I've been busy at work, too busy to blog much for the last couple weeks, and am quite thankful for that. After all, I have a job, and a good one at that. According to reports, the U.S. has lost around two million jobs, the worst decline since 1974. With job loss numbers like that, people are starting to get desperate.
Obama has announced, but not detailed, a plan for job creation. Some of the components are sensible, such as renovate deteriorating school buildings and making public buildings energy efficient. Others, however, miss the mark. Rebuilding the national highway system cites Eisenhower, probably a good P.R. move, but it seems unwise in our current economic and environmental situation to do so without also making a priority of rebuilding of our once-great national railway system, and giving matching funds to cities and suburbs to expand commuter rail and metro systems.
The idea of upgrading hospitals being limited to giving them access to electronic medical records also seems sorely lacking. Many hospitals need facilities expansions and upgrades, equipment modernization, and most importantly staffing expansions (especially in nursing and emergency room doctors).
Furthermore, a national effort towards preventative medicine, nutrition, and fitness would not only reduce healthcare costs (an economic win), it would also create jobs and business opportunities in these areas (another economic win). Legislation mandating insurance (including government plans) pay for preventative care would be a good start.
Cutting subisides on beef and corn would also be a good plan. This would force a cometitive agricultural market and allow other food options to be cost competitive, such as real sugar vs. corn syrup. It also brings me to energy, as corn ethanol should not receive subsidies, and neither should oil. Cutting both would save taxpayer dollars, and open-up the alternative fuel markets by making alternatives to these two options more competitive.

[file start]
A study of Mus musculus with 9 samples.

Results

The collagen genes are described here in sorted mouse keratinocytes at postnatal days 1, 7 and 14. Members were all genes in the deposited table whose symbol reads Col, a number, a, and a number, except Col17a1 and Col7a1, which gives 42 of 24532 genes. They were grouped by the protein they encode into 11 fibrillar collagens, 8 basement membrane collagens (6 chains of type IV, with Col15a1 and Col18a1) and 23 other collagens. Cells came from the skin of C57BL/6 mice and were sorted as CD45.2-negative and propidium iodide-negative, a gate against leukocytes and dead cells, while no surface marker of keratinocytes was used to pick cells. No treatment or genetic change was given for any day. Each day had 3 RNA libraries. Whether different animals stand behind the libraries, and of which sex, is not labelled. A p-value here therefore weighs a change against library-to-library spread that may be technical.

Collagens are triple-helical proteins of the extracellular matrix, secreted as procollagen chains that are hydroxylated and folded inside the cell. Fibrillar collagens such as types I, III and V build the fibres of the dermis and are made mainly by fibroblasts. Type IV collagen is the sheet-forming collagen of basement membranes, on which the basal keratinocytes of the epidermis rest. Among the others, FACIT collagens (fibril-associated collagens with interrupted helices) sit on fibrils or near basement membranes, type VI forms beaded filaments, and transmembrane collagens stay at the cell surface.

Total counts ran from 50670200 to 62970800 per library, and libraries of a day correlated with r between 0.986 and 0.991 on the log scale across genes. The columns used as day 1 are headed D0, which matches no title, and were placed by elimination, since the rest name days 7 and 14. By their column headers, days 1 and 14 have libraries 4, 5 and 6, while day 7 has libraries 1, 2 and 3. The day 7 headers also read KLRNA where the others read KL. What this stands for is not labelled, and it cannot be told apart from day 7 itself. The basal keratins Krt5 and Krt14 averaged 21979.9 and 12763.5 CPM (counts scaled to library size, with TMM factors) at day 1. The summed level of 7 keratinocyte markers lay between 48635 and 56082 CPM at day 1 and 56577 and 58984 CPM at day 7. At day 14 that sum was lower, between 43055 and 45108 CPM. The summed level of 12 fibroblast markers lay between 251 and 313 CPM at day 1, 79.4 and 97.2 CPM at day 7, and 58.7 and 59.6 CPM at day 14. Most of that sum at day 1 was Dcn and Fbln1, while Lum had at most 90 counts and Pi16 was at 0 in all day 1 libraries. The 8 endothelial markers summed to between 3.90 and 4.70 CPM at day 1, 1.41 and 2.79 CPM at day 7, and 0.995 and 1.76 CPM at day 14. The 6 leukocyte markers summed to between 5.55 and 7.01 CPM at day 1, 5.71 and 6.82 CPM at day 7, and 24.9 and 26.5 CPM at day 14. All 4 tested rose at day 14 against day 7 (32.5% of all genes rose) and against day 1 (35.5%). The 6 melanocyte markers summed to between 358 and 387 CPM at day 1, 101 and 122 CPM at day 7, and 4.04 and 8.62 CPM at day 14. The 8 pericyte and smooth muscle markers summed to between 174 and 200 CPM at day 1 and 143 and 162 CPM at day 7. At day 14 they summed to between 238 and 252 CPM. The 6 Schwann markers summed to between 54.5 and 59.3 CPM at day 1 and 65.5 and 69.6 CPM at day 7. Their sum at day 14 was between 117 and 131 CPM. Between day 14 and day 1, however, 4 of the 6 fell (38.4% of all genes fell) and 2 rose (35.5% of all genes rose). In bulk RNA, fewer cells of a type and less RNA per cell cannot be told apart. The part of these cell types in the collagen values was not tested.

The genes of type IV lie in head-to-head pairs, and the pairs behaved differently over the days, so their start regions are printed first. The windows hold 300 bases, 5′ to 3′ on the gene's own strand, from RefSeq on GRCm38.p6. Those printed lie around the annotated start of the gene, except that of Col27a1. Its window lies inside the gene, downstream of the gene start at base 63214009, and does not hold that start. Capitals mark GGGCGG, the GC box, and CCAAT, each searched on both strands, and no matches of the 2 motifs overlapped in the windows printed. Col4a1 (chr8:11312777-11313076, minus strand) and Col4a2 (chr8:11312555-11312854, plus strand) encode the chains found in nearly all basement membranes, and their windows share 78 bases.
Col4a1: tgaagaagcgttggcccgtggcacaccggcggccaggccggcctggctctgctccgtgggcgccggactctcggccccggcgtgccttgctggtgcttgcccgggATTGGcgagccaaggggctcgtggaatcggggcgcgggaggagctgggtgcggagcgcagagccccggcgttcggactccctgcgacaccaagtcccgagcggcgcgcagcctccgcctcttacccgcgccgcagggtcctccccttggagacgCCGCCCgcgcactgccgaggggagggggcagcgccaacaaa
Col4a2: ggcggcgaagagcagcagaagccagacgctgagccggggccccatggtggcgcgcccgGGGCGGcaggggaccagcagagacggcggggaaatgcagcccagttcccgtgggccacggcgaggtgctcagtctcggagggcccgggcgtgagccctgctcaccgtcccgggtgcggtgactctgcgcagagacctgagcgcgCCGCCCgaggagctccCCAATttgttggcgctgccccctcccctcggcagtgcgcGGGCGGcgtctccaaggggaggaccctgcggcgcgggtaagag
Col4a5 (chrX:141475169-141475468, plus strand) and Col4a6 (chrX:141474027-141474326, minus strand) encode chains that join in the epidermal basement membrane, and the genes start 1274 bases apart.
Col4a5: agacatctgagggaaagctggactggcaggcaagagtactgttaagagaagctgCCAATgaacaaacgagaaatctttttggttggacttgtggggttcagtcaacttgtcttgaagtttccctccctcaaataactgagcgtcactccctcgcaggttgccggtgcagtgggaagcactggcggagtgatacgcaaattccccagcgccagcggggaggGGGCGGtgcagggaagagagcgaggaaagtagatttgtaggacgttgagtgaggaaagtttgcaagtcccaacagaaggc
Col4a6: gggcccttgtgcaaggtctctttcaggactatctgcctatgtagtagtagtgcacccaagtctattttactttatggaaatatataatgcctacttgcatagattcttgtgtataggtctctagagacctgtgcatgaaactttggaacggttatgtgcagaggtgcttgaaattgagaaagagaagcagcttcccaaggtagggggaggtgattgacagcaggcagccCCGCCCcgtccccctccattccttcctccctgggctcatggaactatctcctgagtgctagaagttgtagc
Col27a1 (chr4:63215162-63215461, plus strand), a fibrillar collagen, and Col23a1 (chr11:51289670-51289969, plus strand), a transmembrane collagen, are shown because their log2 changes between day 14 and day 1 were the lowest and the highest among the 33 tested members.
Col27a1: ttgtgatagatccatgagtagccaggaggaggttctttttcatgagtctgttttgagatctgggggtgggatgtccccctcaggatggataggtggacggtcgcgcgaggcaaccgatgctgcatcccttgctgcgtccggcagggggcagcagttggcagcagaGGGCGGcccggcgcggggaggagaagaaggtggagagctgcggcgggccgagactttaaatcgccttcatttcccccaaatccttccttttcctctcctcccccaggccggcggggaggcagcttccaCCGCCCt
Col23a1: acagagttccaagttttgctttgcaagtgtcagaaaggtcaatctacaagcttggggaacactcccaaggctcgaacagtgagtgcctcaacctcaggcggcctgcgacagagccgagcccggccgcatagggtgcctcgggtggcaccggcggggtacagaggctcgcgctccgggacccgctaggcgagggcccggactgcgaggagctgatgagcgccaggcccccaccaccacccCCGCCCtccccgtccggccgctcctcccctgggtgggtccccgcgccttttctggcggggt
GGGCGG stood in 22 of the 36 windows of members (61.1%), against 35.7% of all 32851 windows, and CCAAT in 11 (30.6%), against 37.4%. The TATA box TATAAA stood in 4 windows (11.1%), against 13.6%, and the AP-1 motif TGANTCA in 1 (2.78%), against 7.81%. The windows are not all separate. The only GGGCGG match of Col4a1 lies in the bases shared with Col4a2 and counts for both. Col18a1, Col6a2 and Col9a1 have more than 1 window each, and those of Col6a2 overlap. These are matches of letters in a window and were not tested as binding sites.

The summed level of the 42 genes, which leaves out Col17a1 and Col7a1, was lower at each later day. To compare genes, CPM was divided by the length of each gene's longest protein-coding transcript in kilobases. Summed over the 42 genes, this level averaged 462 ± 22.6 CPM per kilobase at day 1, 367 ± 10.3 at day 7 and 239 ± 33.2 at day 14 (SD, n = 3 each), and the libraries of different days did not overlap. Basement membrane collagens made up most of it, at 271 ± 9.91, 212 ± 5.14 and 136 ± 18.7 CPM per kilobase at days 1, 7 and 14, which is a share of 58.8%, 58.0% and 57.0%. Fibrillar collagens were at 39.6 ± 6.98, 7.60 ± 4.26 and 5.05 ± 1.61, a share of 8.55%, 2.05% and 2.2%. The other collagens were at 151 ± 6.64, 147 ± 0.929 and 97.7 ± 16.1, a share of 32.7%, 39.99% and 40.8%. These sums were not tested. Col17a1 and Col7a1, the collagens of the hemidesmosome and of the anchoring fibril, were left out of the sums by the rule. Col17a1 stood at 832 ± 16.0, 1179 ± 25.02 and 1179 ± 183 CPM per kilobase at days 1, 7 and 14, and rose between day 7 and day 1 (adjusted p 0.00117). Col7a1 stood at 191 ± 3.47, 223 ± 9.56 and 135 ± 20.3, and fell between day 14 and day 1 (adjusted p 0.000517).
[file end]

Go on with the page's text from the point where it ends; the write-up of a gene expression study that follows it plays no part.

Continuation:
Corn ethanol is not much of an alternative to oil, as corn is a resource-intensive crop to produce (I love to eat it, but am not so keen on as a monocultural basis for all agricultural production in our country). In tandem with transferring subsidies from processes that are already mature (corn and oil) to R&D into better processes, the government should also encourage hemp ehtanol production. Hemp is a lower water usage plant than corn, and is a hearty stock that can grow on "waste" land not used for food production.
Hemp ethanol could ameliorate several problems with corn ethanol: that using corn to make ethanol is preferencing fuel over food, that corn is a resource-intensive crop, that corn ethanol doesn't seem to have a gross energy win as a fuel source, and that subsidizing a mature process that isn't hampered by previously restrictive laws or counter-subsidies of another product and therefore should be able to compete on the open market is the worst kind of corporate welfare.
Any plan to create jobs in this economy will be met with public acceptance, but I hope the Obama team will be more creative and contemporary in their thinking about such plans. Simply looking back at Eisenhower and F.D.R., and adding the word "Internet" in a couple places, isn't going to be enough to create enough new markets for the U.S. to be a world leader not just economically, but in terms of economic and environmentall problem solving and technical innovation as well.